Wagashi: traditional Japanese confectionery

Two Saturdays ago, I attended a lecture and demonstration on the art of making wagashi or traditional Japanese desserts. Sponsored by the Japan Foundation, Manila (JFM) for the 2012 Nihongo Fiesta, the event brought three young Japanese pastry chefs from three respected and famous confectionery houses in Japan: Noriyuki Myojin, who belongs to Mitsuya-honpo in the Hiroshima Prefecture and known for its jonamagashi or unbaked sweets using seasonal motifs; Keisuke Yoshihashi, a third generation confectioner/owner of Yoshihashi Kashijo in the Ishikawa Prefecture and famed for traditional sweets used in tea ceremony; and Naoya Koizumi, heir to Koundo Honten in Tochigi Prefecture, a confectionery house known for its “Koin Monaka” or sandwich of anko bean paste and crispy sweet rice crackers.

The three young chefs were funny and engaging and my friend B even remarked that one of them should get his own TV show. They took turns to show how they make jonamagashi, dorayaki (two pancakes with azuki bean paste), the painstakingly elaborate hasamikiku (of course they made it look easy), and uchigashi, which is basically (very expensive wasanbon) sugar and water, kneaded and molded. Wagashi ingredients are primarily bean paste, sugar, and rice. Not a big fan of the first two, but oh-my-goodness, they turn out looking good. Almost too good to eat. Wagashi is typically served with tea so all the sweetness gets balanced by its bitter taste.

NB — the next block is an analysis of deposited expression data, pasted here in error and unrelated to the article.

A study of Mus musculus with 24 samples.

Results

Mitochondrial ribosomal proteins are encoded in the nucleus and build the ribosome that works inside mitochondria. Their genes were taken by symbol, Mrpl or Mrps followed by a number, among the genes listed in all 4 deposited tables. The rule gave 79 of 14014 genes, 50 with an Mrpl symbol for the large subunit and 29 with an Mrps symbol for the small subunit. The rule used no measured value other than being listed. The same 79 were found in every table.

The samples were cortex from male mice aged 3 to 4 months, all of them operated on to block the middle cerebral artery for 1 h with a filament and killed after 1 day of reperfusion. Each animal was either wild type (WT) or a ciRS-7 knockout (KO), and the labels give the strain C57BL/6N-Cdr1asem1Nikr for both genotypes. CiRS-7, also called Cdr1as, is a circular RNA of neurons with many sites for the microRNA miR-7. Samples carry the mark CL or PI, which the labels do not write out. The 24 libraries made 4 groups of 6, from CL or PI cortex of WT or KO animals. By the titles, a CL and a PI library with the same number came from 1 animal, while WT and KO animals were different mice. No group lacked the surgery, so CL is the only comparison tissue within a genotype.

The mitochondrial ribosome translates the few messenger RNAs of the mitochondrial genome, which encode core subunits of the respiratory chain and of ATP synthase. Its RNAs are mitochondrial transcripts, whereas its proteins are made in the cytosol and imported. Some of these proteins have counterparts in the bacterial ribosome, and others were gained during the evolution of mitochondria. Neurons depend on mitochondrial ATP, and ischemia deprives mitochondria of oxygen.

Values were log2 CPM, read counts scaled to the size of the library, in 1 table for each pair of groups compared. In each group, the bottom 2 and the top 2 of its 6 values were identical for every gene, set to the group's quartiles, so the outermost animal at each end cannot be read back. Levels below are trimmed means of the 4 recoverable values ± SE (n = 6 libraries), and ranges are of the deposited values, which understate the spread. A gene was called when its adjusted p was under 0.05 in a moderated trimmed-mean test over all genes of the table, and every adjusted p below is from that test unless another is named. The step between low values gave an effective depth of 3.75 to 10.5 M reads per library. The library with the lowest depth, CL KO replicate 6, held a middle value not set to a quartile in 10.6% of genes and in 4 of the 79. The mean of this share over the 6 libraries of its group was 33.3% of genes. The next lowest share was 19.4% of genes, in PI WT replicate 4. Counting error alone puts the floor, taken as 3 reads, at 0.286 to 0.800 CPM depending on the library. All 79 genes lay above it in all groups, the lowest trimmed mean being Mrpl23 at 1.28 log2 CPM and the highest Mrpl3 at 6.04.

Feast your eyes on the wagashi below. Though they were taken on a camera phone, you can still see how detailed and beautiful these hand-made desserts are. 🙂

slouching somewhere

Hasamikiku is a confectionery based on the motif of a chrysanthemum (kiku)

slouching somewhere

slouching somewhere

Super sweet uchigashi and the wooden molds used to make them

Jonamagashi are individually made by hand using flowers, birds and other seasonal motifs


10 thoughts on “Wagashi: traditional Japanese confectionery

    • Especially love the intricate design in the hasamikiku. The chef held it lightly in one hand (they don’t want to leave impressions or fingerprints on the dough) while with the tip of wagashi scissors made those small V impressions, from the bottom to the top until it’s entirely covered and resembles the chrysanthemum flower. Pretty cool 🙂

      • i didnt, i have it at home, in fact most of their sugar statues i have… i was one of those who assisted them in their demo at Podium Mall in Manila Philippines 🙂 i just cant find the option to upload pics here 🙂

  1. @regiswife oh, so you were there in the podium too! and assisting the chefs at that–how cool 🙂 i also see that you have uploaded your wagashi photo… didn’t see the wagashi of the faces back then.